Veronica Velasco has always found humor in the cruelty of fate. Her films have always been grounded on premises where an act of fate results in absurd and sometimes torturous scenarios that test the limits of humanity.
In I Do
(2010), the dream wedding of two teens is constantly delayed by occurrences beyond their control, pitting their youthful love against youthful impatience. In Last Supper No. 3
(2009), a props-man turns into the butt of an overextended joke when he misplaces a wall décor he borrowed from an opportunistic family for an ad campaign, forcing him to experience the frustrating inanities of the Philippine judicial system. In Maling Akala
(2007), which Velasco co-directed with Pablo Biglangawa, a chance meeting between two strangers results in a set-up that would hint of a budding romance that turns out to be nothing but an erroneous assumption. Velsaco and Biglangawa's first feature, Inang Yaya
, 2006), an emergency forces a nanny to choose between being a mother to her estranged daughter and a nanny to her ward.
is spawned from that same obsession with fate's cruelty. This time, the cruelty approaches the macabre, with three random strangers getting impaled by a steel pole when their passenger bus figures in a freak accident. The absurd situation the three find themselves in is that they are now faced with an even crueller responsibility of choosing who among them would have to perish to save the lives of the other two. The rationale for the need to choose is borne out of writer's conceit: there are only two operating rooms in the hospital, leaving the unlucky unattended victim to simply bleed and suffer to death.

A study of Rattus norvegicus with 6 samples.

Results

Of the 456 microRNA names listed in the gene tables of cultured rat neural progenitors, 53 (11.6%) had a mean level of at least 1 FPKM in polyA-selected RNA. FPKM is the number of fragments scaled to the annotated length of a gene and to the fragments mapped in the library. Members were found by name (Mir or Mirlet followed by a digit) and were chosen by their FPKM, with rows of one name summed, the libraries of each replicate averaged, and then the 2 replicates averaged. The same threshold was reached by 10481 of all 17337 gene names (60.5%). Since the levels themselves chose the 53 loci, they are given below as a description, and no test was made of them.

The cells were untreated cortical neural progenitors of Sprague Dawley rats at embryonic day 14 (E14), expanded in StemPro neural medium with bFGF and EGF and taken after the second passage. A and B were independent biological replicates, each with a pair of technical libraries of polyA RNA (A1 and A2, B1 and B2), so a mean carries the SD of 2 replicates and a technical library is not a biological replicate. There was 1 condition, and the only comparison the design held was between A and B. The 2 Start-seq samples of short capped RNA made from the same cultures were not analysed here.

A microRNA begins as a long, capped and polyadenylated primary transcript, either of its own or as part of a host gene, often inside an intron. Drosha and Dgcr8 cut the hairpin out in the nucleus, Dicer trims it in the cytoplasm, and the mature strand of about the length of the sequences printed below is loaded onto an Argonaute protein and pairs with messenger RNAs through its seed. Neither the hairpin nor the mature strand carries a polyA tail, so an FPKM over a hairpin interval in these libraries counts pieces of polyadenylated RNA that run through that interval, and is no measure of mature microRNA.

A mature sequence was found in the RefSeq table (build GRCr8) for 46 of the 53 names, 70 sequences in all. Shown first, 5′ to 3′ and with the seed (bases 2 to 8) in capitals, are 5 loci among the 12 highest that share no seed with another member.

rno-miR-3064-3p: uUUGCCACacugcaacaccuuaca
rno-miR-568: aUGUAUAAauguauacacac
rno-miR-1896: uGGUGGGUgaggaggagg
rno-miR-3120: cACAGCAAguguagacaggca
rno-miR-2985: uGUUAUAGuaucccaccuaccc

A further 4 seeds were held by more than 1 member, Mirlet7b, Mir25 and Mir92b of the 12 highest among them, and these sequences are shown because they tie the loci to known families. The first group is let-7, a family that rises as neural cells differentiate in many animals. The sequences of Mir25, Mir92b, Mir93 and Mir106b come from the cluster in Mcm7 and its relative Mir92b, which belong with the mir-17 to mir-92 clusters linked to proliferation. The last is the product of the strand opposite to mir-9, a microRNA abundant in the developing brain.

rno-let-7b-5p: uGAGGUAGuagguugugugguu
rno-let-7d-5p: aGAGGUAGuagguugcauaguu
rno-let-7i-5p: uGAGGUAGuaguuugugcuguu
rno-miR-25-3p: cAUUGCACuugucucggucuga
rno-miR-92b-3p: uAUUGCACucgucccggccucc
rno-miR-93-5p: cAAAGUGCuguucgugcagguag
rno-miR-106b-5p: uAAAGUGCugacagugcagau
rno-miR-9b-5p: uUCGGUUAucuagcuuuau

Velasco and co-writer Laurel quickly abandon the morbid image of skewered strangers in an ill-equipped emergency room to explore the three lives that through a twist of fate have become the subjects of a debate of life's worth. Tonio (Leo Martinez) is a recent retiree who now finds himself either arguing endlessly with his adult children or reminiscing youth with his best friends over games of cards. His only hope from what seems to be a deadened existence is his sudden dream to put up a bakery. Fiesta (Eugene Domingo) is the toughened conductor of a passenger bus. Her hardened front, a result of having live with her alcoholic and suicidal father, is softened when Nato (Jake Cuenca), her replacement driver who has just recovered from a recent break-up, expresses his love for her. Caloy (Enchong Dee), a student who is far too concerned with his hormones to take his studies seriously, is in a long distance relationship his girlfriend. Having contented himself with the passing pleasures of daydreaming and online flirting in an effort to preserve his virginity for their upcoming anniversary, he now has to face the possibility that his girlfriend has already been sleeping around behind his back.
Beyond the mostly clever writing that rarely feels false or forced, there is also something humorously brutal in the way Velasco and Laurel fashion the three stories with linings of hope and forgiveness only to have them be abruptly suspended with the impalement. There is always that threat that death or some sort of sudden conclusion is just looming around, waiting to foil a life plan, to block a resolution, or to douse a passion.
Unfortunately and perhaps because there are limitations as to what is tolerable in commercial filmmaking, Tuhog
never really embraces the darkness that could have complemented its gruesome center-piece. There is very little interaction among the suddenly conjoined victims, considering that their dilemma is one that would naturally excite the demons of self-preservation. Instead, it settles for obvious life lessons, as bluntly mouthed in the film's hurried end by its unnecessary mascot, a destitute drummer boy who every now and then appears in the film to vengefully predict death.
is something to behold within the context of a mainstream cinema that shuns experimentation and adventurism. Through convictions and compromises, Velasco and Laurel have come up with a film that successfully bridges the gap between smart and sentimental, eccentric and emotional, quirky and conventional.
(Cross-published in Lessons from the School of Attention.)